From 17 September 2019, the Bulgarian public and the guests of Sofia have the opportunity to admire cultural artefacts and artworks from Indonesia as part of the permanent exhibition at the National Gallery, in Kvadrat 500, Hall 20.
The good, friendly relations between Indonesia and the National Gallery in Sofia can be traced back to as early as 1960, when President Sukarno visited the prestigious institution. Almost 60 years later, relations are better than ever and, as a result of a long-standing partnership and following the official visit of the Minister of Foreign Affairs of the Republic of Indonesia, HE Ms Retno Marsudi, the National Gallery already has at its disposal artefacts from Indonesia—the largest archipelago on earth, a region in Southeast Asia known for its diversity.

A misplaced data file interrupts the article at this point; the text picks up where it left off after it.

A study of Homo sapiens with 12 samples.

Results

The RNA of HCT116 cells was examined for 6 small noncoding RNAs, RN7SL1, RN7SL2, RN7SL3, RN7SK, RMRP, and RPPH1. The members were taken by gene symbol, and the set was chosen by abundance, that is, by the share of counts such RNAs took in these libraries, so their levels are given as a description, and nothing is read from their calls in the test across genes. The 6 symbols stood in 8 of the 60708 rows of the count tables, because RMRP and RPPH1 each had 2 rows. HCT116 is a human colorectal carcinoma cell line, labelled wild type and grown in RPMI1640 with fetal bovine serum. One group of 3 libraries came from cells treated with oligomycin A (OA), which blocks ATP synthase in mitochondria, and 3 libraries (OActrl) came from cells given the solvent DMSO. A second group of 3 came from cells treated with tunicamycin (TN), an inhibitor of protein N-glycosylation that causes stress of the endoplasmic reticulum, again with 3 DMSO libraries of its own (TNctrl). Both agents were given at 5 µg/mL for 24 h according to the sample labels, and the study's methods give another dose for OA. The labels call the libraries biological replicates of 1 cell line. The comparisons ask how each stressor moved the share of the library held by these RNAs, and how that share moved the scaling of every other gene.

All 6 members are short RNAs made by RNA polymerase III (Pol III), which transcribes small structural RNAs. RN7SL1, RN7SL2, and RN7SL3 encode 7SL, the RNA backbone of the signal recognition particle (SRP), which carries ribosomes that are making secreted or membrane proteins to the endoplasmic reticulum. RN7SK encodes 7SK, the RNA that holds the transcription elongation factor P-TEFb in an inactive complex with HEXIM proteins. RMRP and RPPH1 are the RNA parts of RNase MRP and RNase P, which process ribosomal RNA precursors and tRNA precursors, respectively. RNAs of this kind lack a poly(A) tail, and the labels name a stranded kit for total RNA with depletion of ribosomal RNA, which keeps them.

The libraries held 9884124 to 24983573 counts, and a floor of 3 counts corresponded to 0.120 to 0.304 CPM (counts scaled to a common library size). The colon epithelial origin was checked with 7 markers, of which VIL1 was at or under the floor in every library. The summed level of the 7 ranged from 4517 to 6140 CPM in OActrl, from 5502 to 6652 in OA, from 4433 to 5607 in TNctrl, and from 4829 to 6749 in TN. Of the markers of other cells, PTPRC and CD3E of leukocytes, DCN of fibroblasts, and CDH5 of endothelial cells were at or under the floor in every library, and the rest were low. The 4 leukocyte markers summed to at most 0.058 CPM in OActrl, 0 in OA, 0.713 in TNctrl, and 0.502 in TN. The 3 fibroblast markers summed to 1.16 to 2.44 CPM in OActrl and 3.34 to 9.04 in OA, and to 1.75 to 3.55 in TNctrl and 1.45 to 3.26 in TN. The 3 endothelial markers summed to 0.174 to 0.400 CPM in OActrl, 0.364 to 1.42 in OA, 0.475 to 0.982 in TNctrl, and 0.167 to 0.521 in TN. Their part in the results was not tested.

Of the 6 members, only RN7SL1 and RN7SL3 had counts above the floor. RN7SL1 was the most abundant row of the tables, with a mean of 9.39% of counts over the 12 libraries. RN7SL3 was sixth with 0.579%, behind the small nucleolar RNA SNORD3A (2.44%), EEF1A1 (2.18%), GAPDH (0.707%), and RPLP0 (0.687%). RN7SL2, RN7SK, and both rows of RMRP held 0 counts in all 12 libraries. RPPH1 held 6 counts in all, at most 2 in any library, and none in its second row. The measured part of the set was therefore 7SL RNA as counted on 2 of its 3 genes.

The absence of any artworks from Indonesia so far in the National Gallery’s collection inspired HE Ms Sri Astari Rasjid, Ambassador of the Republic of Indonesia to Bulgaria, to donate household items and cultural products from the distant country.
Textiles, gold and silver jewellery from different ethnicities and islands, vessels for ceremonies and for food storage, an ancient circumcision chair and puppets from the Indonesian Traditional Shadow Theatre, are just some of the valuable objects representing areas of the Island of Sumatra (to the west) to Indonesian Papua (to the east), to be on permanent display at the National Gallery. The hand-dyed textile called Batik is Indonesia’s national pride and was inscribed by UNESCO in 2009 on the Representative List of the Intangible Cultural Heritage of Humanity.
Through this collection, opened by Boil Banov, Minister of Culture of the Republic of Bulgaria and by HE Ms Retno Marsudi, Minister of Foreign Affairs of the Republic of Indonesia, the National Gallery and the Embassy of Indonesia not only offer a better intercultural dialogue, but also encourage the opening of new avenues in tourism, trade and investment.